Goosebumps: Film Review
Cast: Jack Black, Dylan Minnette, Amy Ryan, Odeya Rush
Director: Rob Letterman
Given the popularity of the 62 odd children's horror novellas by American writer R L Stine, the film of Goosebumps has a lot of readers to satisfy.
But by cleverly using the scares that make the series so popular and not dumbing them down, the Goosebumps movie is a smart, occasionally nightmarish trip and scary take on the typical story of the new boy moving to a new town and trying to fit in.
That boy is Dylan Minette, whose Zach has moved to the small backwater of Madison where his mum (Amy Ryan) is taking up the deputy principal-ship of the high school. But Zach finds his attention focussed on the girl next door (Odeya Rush) whose father (Jack Black) keeps her home schooled and locked up a night a la Rapunzel.
However, when Zach breaks in to investigate what he believes to be a domestic, he discovers the father is actually the famed horror writer R L Stine. And things get more complicated when Zach inadvertently lets loose a monster from the pages of Stine's books...
Using a mix of CGI, comedy horror and old school scares, Goosebumps works cleverly to keep its audience entertained without ever stooping to the lazy cliches and writing.
While the kids are most likely to be taken in by the suspense and the chase set pieces, adults will find some joys too in this Rear Window / The Blob / Zathura / The Shining / IT pastiche, which revels in meta-commentary about book sales, Stephen King and writing - it even throws in a Gulliver's Travels sight gag too as gnomes tether Black down.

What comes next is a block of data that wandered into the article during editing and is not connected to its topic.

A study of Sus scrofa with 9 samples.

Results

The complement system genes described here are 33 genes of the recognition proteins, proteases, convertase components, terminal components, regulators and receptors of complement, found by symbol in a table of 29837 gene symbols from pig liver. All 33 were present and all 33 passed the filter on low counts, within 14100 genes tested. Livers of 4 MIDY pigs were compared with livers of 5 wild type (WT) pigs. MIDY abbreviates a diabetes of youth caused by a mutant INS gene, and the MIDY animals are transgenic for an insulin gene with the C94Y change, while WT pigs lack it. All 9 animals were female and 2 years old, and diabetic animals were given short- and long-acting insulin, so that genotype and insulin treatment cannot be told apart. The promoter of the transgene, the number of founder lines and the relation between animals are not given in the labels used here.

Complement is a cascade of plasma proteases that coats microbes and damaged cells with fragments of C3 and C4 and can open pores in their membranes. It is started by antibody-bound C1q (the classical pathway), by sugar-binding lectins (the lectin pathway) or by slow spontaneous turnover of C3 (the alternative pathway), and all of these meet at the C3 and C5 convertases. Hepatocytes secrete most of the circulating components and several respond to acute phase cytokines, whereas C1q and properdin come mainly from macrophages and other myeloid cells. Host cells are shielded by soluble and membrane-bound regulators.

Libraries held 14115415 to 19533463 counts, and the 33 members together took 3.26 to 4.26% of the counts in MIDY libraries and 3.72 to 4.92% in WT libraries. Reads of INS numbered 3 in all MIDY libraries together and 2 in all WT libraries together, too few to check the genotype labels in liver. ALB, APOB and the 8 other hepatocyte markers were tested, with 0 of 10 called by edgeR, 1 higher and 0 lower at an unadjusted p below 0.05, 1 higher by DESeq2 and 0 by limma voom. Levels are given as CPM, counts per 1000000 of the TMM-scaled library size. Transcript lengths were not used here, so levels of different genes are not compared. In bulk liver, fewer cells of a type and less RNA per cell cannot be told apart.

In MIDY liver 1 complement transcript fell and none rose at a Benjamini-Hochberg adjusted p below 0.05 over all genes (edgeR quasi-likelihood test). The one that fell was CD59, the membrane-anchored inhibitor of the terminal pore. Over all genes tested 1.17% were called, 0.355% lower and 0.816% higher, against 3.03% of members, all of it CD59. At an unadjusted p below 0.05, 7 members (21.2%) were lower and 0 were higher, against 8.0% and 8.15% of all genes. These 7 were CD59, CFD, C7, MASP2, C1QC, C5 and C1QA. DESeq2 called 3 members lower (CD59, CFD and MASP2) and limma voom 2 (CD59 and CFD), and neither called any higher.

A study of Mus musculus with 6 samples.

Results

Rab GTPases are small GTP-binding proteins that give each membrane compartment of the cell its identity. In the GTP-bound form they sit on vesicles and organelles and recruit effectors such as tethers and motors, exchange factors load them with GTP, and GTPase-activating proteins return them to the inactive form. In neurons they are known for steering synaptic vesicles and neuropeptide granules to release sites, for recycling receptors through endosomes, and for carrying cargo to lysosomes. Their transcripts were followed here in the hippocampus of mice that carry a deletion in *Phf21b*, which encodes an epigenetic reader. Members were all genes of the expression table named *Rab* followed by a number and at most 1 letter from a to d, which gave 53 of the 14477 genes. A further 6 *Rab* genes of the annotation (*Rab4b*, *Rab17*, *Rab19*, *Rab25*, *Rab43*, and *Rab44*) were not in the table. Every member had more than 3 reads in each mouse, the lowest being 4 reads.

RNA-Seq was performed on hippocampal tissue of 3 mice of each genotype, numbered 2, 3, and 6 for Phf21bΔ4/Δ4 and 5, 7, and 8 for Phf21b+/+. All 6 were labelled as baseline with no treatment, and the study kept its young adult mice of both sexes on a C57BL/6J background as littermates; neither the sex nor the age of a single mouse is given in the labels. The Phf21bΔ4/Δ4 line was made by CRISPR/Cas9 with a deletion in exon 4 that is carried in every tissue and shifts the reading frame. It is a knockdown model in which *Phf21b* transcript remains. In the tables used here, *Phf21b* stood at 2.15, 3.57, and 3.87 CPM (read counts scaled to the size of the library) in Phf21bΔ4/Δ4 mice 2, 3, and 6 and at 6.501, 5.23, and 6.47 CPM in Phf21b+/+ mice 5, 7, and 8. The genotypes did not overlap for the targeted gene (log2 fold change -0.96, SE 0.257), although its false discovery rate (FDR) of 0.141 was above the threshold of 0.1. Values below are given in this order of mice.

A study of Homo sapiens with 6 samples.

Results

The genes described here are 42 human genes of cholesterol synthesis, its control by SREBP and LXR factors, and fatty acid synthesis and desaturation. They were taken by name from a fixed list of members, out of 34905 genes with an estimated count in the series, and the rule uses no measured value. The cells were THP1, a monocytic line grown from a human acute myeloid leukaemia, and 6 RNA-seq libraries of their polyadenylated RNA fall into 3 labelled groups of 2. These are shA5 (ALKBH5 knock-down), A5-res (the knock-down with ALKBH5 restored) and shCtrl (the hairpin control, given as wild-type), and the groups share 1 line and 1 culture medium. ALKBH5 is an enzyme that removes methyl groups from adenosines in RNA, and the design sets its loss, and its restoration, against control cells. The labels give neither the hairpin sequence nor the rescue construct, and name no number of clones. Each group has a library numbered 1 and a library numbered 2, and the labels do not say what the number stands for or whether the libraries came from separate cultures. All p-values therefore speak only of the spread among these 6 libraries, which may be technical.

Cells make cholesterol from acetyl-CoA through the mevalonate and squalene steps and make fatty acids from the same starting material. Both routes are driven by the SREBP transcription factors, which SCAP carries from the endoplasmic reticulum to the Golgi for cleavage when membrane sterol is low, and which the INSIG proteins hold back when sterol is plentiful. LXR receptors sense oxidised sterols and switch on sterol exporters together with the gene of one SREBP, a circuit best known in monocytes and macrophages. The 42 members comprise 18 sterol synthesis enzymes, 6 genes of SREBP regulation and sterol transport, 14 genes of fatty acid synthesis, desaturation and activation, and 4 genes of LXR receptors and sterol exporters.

Black channels madcap as Stine, but keeps it on the right side of not going OTT and also does a great job as the menacingly homicidal mannequin, Slappy, the main villain of the piece (and fave of the book series). Minnette continues his road to fame as the likeable Zach (who has a great bond with his mother) and Rush manages the part well, but the pair lack some of the chemistry which feels forced upon them; there's the obligatory comedy sidekick in Ryan Lee's champ to get you through the mix of jump scares and tension.
The FX are reasonable; certainly when the words spring to life off the page and bring the creatures into the world, it's a great effect, though later on there are moments when the film starts to creak. Equally, there's a lot of simply chasing around which does grow a little repetitive towards the end as if the story itself is running ever so slightly out of steam.
But all in all, Goosebumps succeeds in a self-aware wave of nostalgia for the books' source material and a reverence to what makes them so popular - they simply set out to scare their readers and offer entertainment; it's something which the film manages in great spades of both parody and B-movie moments.
As we head to the end of the year and movie fatigue is on the verge of setting in, it may actually give you Goosebumps because of how good it actually is.